Known as the Great Humanitarian, having led voluntary efforts to feed 9 million Belgians during the First World War, Hoover organized famine relief for Russia and postwar Germany. Throughout his life, Hoover’s leadership bridged divides to create a larger “us” and a smaller “them.”
“Us and them. And after all we’re ordinary men.”
Hoover lost his bid for re-election to Franklin Roosevelt when Americans panicked during the Great Depression. In his first inaugural speech (1933), during the depth of the Great Depression, FDR stated:
“Values have shrunken to fantastic levels; taxes have risen; our ability to pay has fallen; government of all kinds is faced by serious curtailment of income; the means of exchange are frozen in the currents of trade; the withered leaves of industrial enterprise lie on every side; farmers find no markets for their produce; the savings of many years in thousands of families are gone.”
In contrast to dividing society by scapegoating of Jews and homosexuals like Germany, FDR bonded Americans together when he told them, “… the only thing we have to fear is fear itself — nameless, unreasoning, unjustified terror which paralyzes needed efforts to convert retreat into advance.”
“Down. And out. It can’t be helped there’s a lot of it about.”
Through fireside chats, FDR calmed American fears and led the nation through an era of great personal sacrifice. Later, Truman and Eisenhower defeated wartime foes, created a vibrant middle class, and pushed the country to take a leadership role among nations. They expanded the inclusive “us.”
While attending Miller Park Elementary School in the 1960s, I remember filing into the basement for civil defense drills. There were stacks of CD food canisters lining the wall and the smell of the heavily shellacked grey floors. While we never crawled under our desk to simulate a nuclear bomb attack, many did. Known as The Greatest Generation and Baby Boomers, I cannot imagine the residual anxiety of those who lived through war, depression, the Cold War, the shame of McCarthyism, Vietnam, Watergate and the fight for Civil Rights.
“With. Without. And who’d deny it what the fighting’s all about?”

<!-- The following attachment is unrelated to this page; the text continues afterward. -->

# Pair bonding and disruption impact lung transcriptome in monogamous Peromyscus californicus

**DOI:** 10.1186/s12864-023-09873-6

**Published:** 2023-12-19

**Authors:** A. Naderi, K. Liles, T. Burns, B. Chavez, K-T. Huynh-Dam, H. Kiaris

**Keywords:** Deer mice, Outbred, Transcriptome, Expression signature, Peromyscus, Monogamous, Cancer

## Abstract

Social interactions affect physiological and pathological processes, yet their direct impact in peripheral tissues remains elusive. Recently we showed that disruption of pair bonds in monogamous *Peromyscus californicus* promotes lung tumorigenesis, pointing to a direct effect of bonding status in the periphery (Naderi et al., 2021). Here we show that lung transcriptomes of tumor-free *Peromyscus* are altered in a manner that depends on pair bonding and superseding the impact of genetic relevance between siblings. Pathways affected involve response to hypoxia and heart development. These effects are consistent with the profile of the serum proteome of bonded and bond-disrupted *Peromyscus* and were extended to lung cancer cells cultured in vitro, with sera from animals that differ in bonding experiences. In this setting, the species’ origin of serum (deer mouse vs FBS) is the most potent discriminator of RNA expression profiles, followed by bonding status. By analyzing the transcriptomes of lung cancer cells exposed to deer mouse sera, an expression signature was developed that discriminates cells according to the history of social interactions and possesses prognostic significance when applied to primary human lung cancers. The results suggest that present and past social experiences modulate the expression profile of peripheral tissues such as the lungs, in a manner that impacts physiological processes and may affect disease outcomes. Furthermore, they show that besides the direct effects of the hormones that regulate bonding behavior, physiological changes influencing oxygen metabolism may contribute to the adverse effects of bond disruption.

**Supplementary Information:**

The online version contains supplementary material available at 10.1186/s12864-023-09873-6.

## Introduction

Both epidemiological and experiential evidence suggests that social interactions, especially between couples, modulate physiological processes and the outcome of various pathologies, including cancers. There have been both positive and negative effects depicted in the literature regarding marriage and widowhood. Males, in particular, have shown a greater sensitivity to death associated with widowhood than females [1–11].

Today, incomes are higher, violent crime is at an all-time low, more people of color are living middle-class lives and have greater access to individual rights than at any time, in any society, ever. Despite the comparative calm though, anxiety is at an all-time high. Americans are less trusting, more fearful and increasingly isolated.
“Haven’t you heard it’s a battle of words?”
There is plenty to be concerned about, including a pandemic, global climate change, rising health care costs, and partisan chaos. As they did in the early 20th century, anxious voters in Western democracies are turning to populist political movements in France, Belgium, England, Germany and the USA.
Modern anxiety probably is driven by two primary causes. The first is the sense that the dignity of work is no longer respected, coupled with concerns that “they” are receiving unearned benefits. The second is that society is changing so rapidly many struggle to adjust to evolving norms supporting racial and ethnic change.
“Out of the way, it’s a busy day. I’ve got things on my mind.
For want of the price of tea and a slice, the old man died.”
From time to time, our nation and our community rely on moral leadership and common sense from its older members. As we are seeing in other Western democracies, these anxieties have allowed the political fringes, both right and left, to leverage divides from “us” into “them.” Although social unrest is high now, regardless of the election’s outcome, anxiety will ratchet up even higher after the election. More than ever, we need moral leadership to resist division and pursue societal unity.
Rick Galusha teaches political science at Bellevue University. He’s hosted a blues radio show for 30 years and was the president of Homer’s Music Stores. Galusha was active in the creation of the Old Market Business Association and served as the group’s first president for two terms.